Netflix officially kills password sharing in Canada this week
If there are any murder docs, baking shows or foreign-language romance flicks chilling in your (mom's) Netflix queue that you really, really want to watch for some reason, I'd recommend doing that tonight — before the service officially disables password-sharing between users in different Canadian households.
Earlier this month, the U.S. streaming giant gave its subscribers in Canada a deadline of Tuesday, Feb. 21, 2023 — today — to set primary locations for their accounts.
Any device that tries to access an account from outside of this authorized location, as determined by factors such as IP address and online activity, will be unable to do so beginning tomorrow (with few exceptions,) according to Netflix.
In other words, the free ride is over for Canucks who've long been leeching off their parents, friends, ex-lovers, siblings, employers, or whoever else hasn't changed their Netflix password since that one time... unless your gracious benefactor is willing to tack an extra $7.99 per month, per user, onto their bill.
Only the two most-expensive Netflix plans available in Canada currently allow for the addition of an extra user, of which there can only be two: Standard ($16.49 per month) and Premium ($20.99 per month.)
So many people in Canada are cancelling Netflix over its new password sharing rules #Netflix I have a vacation home and multiple devices.If they go through with this attempted cash grab, I’m boycotting too!! No way I’d pay more - there’s other options!!! https://t.co/MfqUSam00s— Colleen (@oneofcanadasown) February 11, 2023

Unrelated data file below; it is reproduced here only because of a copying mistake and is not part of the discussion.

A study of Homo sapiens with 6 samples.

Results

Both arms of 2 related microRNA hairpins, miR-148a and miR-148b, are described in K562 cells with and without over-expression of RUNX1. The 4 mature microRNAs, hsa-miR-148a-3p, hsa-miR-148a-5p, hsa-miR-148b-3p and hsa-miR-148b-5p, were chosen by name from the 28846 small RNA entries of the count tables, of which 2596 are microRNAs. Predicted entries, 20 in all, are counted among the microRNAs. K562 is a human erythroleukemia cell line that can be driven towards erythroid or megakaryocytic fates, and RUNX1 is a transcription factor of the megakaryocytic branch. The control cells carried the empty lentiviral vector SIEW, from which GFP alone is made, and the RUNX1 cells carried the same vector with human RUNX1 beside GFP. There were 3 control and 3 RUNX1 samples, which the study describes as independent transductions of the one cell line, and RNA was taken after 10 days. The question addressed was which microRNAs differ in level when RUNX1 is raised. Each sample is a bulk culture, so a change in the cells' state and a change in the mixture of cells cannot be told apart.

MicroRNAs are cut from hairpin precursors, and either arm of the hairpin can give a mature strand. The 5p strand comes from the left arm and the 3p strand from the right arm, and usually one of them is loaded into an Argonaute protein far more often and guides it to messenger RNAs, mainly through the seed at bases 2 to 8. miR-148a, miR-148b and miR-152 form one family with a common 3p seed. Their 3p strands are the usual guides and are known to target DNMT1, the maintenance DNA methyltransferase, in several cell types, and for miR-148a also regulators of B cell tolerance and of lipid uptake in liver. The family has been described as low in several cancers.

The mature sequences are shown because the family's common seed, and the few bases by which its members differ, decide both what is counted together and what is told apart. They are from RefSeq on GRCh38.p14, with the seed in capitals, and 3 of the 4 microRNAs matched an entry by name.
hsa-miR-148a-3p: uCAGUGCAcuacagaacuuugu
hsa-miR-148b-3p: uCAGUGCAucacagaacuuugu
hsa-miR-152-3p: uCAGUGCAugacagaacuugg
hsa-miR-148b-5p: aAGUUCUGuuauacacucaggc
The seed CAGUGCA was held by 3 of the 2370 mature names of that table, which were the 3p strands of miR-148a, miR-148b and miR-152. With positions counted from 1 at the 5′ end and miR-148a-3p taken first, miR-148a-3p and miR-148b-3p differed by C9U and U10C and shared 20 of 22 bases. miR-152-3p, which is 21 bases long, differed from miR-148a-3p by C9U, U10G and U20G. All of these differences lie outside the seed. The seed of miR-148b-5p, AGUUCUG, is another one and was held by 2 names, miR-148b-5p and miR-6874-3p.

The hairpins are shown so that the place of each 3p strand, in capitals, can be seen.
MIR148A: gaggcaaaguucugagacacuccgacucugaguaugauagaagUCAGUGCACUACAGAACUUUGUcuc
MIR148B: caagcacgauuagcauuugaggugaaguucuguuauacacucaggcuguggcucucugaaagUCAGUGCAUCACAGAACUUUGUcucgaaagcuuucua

"We've always made it easy for people who live together to share their Netflix account with features like profiles and multiple streams," said the California-based tech company's director of product innovation, Chengyi Long, on Feb. 8 when announcing the long-rumoured crackdown.
"While these have been hugely popular, they've also created confusion about when and how you can share Netflix. Today, over 100 million households are sharing accounts — impacting our ability to invest in great new TV and films."
Netflix has not revealed how many accounts in Canada were being used by multiple households before it announced its new "features," but Canadians don't seem keen, in general, on changing their ways.
Instead of shelling out extra cash for additional users or telling their loved ones to get their own accounts, many have simply pledged to cancel the service altogether.
It remains to be seen how much this impacts the company's subscriber base in Canada, but we'll no doubt see more complaints across the web on Wednesday when the crackdown begins in earnest.